I've rear through quite a few topics and also found d Bob's great spreadsheet on this. My forks have bottomed out going off a curb and I'd like to add preload as I find them bouncy. I used 15wt fork oil in them. On other builds I've just added spacers to get some stiffness back.

I'd just like to know what's the average for this of you who have installed PVC spacers? What size/length did you use?
 

To add the oil, fill it up most of the way and work the fork up and down slowly and let it sit till you see no more air bubbles. Then compress the fork all the way down, and measure from the top of the chrome tube down to the level of the oil. 5" for heavy riders, 5 1/2" for lighter riders. When the level is set, extend the fork and install the long spring first with the tight winding coils at the bottom, then the washer, followed by the PVC spacer and top short spring. Cap it off and your ready to go.

BTW, I'm about 205#s and set mine at 5" and 1" spacer.
 

What diameter PVC did you use? I'm 220# and I have 33mm forks.
Depending on how much the rider weighs, I use 20w Belray oil, and a 3/4" to 1" PVC spacer.
To add the oil, fill it up most of the way and work the fork up and down slowly and let it sit till you see no more air bubbles. Then compress the fork all the way down, and measure from the top of the chrome tube down to the level of the oil. 5" for heavy riders, 5 1/2" for lighter riders. When the level is set, extend the fork and install the long spring first with the tight winding coils at the bottom, then the washer, followed by the PVC spacer and top short spring. Cap it off and your ready to go.

BTW, I'm about 205#s and set mine at 5" and 1" spacer.
 

Go with the 1" spacer and 5" oil level.

One more tip. Before you put the springs in, find the starting point of the threads for the fork cap and put a mark on it with a sharpie. It'll save you the headache of trying to thread it in against the spring pressure.
 


"When the level is set, extend the fork and install the long spring first with the tight winding coils at the bottom, then the washer, followed by the PVC spacer and top short spring."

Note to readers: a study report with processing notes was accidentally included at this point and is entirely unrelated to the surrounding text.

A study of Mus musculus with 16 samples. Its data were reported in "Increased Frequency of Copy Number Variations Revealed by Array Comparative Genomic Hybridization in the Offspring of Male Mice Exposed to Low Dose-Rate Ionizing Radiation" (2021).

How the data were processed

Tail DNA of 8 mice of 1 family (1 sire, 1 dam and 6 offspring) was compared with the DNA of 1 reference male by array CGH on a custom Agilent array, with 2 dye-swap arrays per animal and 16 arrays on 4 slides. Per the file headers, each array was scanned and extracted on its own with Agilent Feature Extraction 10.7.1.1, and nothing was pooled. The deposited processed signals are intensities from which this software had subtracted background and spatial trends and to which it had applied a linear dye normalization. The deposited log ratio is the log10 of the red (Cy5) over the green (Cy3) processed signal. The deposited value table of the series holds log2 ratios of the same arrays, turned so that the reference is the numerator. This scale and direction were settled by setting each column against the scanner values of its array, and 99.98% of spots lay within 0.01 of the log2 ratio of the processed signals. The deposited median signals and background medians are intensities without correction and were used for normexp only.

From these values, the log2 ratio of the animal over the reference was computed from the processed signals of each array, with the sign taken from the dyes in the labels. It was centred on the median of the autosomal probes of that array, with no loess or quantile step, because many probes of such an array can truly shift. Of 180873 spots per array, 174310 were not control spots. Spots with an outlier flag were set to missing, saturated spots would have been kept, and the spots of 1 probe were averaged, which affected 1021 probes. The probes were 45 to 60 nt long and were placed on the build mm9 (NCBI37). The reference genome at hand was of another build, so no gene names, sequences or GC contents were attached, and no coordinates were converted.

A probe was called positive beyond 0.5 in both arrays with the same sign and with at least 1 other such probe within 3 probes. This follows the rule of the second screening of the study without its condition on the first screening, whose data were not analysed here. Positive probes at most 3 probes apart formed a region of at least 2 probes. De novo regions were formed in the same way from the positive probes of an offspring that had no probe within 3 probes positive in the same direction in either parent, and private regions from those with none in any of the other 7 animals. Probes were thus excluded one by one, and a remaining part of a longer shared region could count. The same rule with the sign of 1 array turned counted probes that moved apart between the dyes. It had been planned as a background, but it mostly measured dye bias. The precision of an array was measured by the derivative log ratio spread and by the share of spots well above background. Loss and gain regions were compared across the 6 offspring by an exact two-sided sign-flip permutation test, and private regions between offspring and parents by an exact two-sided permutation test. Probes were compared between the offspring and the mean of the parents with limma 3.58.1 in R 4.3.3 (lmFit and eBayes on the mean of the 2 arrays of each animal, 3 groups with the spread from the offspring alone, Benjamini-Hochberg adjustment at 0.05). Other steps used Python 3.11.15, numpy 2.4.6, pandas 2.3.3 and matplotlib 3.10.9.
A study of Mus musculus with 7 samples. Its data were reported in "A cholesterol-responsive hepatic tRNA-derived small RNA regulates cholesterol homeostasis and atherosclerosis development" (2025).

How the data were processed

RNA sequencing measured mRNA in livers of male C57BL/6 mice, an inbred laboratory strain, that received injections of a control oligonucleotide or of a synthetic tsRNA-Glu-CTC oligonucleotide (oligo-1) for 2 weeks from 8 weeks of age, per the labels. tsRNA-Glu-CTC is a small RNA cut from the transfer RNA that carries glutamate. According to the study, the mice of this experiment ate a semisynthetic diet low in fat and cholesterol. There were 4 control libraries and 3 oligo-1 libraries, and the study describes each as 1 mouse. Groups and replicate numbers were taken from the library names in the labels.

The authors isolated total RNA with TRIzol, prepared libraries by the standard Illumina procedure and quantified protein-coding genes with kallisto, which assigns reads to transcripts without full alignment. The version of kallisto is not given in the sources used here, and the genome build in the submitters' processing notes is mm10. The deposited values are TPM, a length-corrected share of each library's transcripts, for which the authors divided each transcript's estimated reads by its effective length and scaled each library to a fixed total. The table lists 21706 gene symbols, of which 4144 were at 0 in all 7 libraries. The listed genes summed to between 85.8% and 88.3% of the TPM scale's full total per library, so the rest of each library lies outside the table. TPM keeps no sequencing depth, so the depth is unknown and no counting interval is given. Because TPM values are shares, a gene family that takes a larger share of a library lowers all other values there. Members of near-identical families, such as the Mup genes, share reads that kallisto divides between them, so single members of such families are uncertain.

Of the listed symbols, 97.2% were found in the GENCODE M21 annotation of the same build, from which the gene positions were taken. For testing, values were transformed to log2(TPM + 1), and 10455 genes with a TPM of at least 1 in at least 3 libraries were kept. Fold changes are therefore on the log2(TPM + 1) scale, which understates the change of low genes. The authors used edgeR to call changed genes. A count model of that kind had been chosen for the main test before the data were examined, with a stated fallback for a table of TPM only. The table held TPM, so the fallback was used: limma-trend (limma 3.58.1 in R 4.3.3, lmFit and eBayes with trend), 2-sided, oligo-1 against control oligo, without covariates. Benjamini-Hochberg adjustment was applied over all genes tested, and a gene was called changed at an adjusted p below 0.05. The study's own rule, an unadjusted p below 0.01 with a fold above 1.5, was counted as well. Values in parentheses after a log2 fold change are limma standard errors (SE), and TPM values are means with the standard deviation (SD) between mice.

As stated above,

"When the level is set, extend the fork and install the long spring first with the tight winding coils at the bottom, then the washer, followed by the PVC spacer and top short spring."
Yes, I read that, but the last 2 items are in an "and" formation, which could mean in any order, and I would think that if the first 2 things are in an order, the second ones should be, but not necessarily in their stated order. So, I'm verifying and asking for clarification. Per the gov't, "Trust, but verify".
 


When the oil level is set,
Extend the fork and install the long spring first with the tight winding coils at the bottom,
Then the washer,
Then the PVC spacer,
Then the short spring.
Now you can cap it off.
 


BTW; awesome job on your bike.
 

Lol, it's the best damn book out there! I've read the book more than any other in the past few years. After rebuilding the carbs and firing the bike, the book helped me to also resync it again. After a few resyncs, all was good in the world. :)

Thanks! Because of it, I have a few other people locally asking me to help them with their CX and GL. Already told them to buy the book.
No No No,,,, thank YOU sir. It's the least I can do. Thank YOU for having my book link in your signature line!

BTW; awesome job on your bike.
 

Here's the part I got, and it fits well. Front end feels a lot better. Thanks!

I do feel that the coupler vs the riser looked thicker and a touch wider, so I may go back and pick them up and try them inside. I'll take pictures of both. While these do work, I think the coupler may provide more endcap contact for the small spring placed above it. A washer may have the same affect between them.
 

 

All good. They're only 38¢ so no loss. These work, I'd just like more contact with the spring. A washer will fix that, but the coupler is about the same length, but thicker. The ones you are probably talking about are the 2" riser. Those have a 1" section in them to cut.

I'm gonna pick up the couplers and a few 2" risers and compare them. We'll find the one that needs the least modification and get part numbers so we can document this at Motofaction for others.
That's the correct style riser, but I failed to tell you to get a long one so that you can cut the 1" sections from the center un threaded portion. It'll be much thicker than the threaded ends of the one you got. My bad, sorry!
 

 

 

 

I made this tool out of scrap wood and an extra socket when I was working on my forks. Compressing the springs while trying to keep the cap balanced and catch the sweet spot of threads is a bear. This made it so much easier to put the caps back on. Fits in the palm of your hand and gives you the ability to put steady downward force on cap. No dent in my hand and no swearing at forks.
Nice! I palm my ratchet and have lines drawn on the cap and the tube. Learned the lesson ages ago.